Facts of Life

updated 11/13/1995 AT 01:00 AM EST

originally published 11/13/1995 AT 01:00 AM EST

SARI LOCKER IS HAVING A typically busy day for a rising, media-savvy sex expert. Still wearing the makeup from an interview she taped for NBC Nightly News on "stopping the fear of AIDS," Locker, 25, a generation-X version of Dr. Ruth Westheimer ("except I'm taller," she says, "and not a caricature"), calls her publicist to confirm an appearance on Conan O'Brien's show the next day. Afterward, Locker, who has always dreamed of being a TV host, peers into the aquarium she keeps in her one-bedroom Manhattan apartment. "I named all my fish after talk show hosts," she says. "The catfish with the mustache is Geraldo and the two orange fish are Regis and Kathie Lee because they're so obnoxiously bright."

If all goes according to Locker's carefully laid plans, she too will soon be swimming with the big fish. At the moment, at least, she's up to her gills in projects. First, there is her new book, Mindblowing Sex in the Real World, an advice manual aimed at young adults. Then there are the sex workshops she holds at high schools and colleges around the country that reach thousands. This month, Locker, who has been on 50 talk shows in the past three years, has a 12:30 a.m. berth of her own on Lifetime cable's Late Date with Sari, a show strictly about sex in the '90s. "I'm a sex educator, not a therapist," she says. "My goal is to make people feel comfortable with their own sexuality. When I was fielding offers for a show, most channels wanted a titillating program, but I wanted a forum where I could talk intelligently about sex-related issues." According to Dr. Christine Wheeler, a sex educator, Locker's delivery is also accessible. "Sari takes very complex material," she says, "but speaks about it in a very light, accurate way."

Many of those issues involve her own peer group: confused twentysomethings. "This generation has had a more complicated education about sex than any previous one," says Locker. "It's the first generation that grew up with AIDS and the politics of date rape and sexual harassment. Men and women my age discuss sexual politics more than they discuss sex. If a woman goes on a date, rather than thinking, 'I want to make out with this guy, should I invite him to my room?' she might think, 'If I invite him to my room, will he date-rape me?' "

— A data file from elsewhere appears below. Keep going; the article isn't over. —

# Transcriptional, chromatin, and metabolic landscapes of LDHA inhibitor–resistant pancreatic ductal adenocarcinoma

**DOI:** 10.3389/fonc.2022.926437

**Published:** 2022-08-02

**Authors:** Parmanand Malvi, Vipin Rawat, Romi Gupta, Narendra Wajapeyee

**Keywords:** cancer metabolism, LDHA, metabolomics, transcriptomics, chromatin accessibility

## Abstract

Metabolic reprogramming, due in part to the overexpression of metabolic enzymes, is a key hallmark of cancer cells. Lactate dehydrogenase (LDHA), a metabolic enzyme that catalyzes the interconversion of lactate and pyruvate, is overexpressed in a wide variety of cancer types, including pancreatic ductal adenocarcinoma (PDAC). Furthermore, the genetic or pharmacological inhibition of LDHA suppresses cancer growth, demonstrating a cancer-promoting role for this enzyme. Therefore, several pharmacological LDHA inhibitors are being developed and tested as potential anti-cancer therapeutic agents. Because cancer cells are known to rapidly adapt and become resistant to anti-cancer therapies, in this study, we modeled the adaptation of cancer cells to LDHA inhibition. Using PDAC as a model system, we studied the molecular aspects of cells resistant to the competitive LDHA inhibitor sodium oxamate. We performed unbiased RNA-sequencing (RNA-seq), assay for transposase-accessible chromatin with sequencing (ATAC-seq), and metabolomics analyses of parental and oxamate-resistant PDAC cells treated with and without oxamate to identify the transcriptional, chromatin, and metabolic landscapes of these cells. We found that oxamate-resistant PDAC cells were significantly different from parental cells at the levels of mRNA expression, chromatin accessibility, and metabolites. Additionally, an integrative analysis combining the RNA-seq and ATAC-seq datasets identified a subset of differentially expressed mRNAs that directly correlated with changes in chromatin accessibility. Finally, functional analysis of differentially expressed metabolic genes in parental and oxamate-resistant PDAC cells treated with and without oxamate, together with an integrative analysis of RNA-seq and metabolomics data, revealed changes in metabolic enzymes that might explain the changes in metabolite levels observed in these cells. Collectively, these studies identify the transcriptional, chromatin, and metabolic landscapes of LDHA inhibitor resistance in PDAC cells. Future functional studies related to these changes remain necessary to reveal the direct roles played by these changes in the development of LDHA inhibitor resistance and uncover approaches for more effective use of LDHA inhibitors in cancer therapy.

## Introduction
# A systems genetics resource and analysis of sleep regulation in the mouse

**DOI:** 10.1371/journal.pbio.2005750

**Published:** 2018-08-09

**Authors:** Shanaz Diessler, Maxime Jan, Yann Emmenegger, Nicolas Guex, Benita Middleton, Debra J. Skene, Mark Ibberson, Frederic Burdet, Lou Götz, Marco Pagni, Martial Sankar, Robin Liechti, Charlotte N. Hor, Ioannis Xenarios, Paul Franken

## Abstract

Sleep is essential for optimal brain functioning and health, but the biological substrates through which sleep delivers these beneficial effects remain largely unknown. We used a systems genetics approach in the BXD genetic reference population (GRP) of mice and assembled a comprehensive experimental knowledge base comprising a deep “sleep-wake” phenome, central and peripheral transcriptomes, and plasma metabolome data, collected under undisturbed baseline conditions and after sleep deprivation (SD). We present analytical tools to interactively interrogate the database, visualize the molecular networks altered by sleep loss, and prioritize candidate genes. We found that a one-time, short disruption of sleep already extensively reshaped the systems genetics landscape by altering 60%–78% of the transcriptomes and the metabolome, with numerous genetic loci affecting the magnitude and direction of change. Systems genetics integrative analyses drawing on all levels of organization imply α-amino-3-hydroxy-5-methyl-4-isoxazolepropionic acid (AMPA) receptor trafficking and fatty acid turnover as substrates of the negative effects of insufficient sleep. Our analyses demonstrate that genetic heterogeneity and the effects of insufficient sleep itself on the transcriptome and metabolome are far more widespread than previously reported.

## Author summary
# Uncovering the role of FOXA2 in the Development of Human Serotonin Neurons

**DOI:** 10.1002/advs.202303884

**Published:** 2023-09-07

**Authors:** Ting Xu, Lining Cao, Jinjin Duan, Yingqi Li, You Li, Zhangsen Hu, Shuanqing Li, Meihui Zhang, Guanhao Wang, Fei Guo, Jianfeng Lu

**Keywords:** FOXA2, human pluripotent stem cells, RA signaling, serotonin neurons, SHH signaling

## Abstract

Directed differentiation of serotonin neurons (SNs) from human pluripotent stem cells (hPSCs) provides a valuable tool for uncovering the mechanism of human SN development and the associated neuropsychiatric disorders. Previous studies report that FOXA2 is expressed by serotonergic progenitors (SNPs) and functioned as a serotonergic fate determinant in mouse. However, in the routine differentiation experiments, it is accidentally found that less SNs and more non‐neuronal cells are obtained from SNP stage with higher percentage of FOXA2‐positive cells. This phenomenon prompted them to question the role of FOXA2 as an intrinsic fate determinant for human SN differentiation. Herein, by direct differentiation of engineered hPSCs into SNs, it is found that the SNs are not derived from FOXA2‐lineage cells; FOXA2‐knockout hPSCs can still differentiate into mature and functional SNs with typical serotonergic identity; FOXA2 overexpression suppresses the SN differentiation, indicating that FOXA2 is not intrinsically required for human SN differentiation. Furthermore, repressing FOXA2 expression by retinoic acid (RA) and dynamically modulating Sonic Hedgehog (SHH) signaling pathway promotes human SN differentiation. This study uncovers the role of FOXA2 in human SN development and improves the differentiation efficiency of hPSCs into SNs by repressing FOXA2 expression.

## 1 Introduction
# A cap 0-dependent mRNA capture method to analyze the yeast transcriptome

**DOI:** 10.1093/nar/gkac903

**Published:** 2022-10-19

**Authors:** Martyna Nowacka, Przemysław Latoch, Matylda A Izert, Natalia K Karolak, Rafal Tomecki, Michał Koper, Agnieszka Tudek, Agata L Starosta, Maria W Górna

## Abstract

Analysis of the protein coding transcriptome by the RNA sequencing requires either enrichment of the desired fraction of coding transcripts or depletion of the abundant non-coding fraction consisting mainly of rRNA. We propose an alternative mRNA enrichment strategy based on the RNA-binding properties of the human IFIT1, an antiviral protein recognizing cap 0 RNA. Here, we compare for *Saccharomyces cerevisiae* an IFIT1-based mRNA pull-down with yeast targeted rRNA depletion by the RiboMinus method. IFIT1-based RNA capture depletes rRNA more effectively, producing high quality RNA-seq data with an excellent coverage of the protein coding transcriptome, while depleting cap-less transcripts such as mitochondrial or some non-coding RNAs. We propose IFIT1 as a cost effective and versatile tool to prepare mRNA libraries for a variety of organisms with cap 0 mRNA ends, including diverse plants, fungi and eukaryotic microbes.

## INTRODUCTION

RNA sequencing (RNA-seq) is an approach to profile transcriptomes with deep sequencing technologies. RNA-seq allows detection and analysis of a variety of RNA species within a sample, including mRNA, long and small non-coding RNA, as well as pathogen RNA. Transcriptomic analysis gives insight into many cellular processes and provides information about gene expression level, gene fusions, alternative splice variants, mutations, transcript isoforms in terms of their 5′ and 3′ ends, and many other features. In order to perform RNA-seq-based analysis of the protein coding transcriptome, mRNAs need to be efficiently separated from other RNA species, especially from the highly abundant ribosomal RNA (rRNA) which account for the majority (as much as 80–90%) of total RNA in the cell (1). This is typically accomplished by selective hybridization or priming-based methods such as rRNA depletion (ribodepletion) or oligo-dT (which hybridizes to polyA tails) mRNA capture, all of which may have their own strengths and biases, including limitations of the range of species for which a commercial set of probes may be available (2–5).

Of course, being a single sexpert can be challenging. "A quarter of the guys I date are intimidated by me, a quarter react normally, a quarter want to sleep with me because they think I'll be wild, and the rest have a problem they need to tell me," says Locker. "A man is right for me when we enrich each other's lives. That doesn't include solving his sexual problems."

Locker, whose father is a metallurgist and whose mother works in guest relations at Disney World, was born in suburban Nyack, N.Y., and raised in Fort Lauderdale. Her mother, she says, always answered her precocious sexual questions frankly. At 14, Locker was raising dogs, hamsters and birds as a hobby and considering a career in animal science. At 16, she enrolled at Cornell University, where she majored in educational psychology. "Sari was concerned with Cornell students forgetting about safe sex practices, so she would stand on campus with a microphone and speak out on sex education," remembers her friend Daniel Kaufman. "I've never met anyone so driven."

Locker went on to earn a masters in human sexuality education at the University of Pennsylvania. After graduating in 1992, she promptly hit the talk show circuit. She also landed a slot on New York City's WBAI radio, where for two years she advised sexually bewildered listeners weekly. "Sari always enjoyed teaching," says her mother, Molly. "A few years ago during a big Thanksgiving dinner, in front of my 79-year-old father, Sari took a banana and a condom and taught .us how to apply it. We were delighted but dumbfounded."

Heading home from taping Late Date, Locker, again wearing TV makeup she didn't have time to remove, marvels at her good fortune. "I'm exceedingly happy," she says. "I started teaching about sex because I wanted to help people. And because I believe people learn about sex from television, I wanted to teach them where they learn. No one should ever be dissatisfied with their sex life."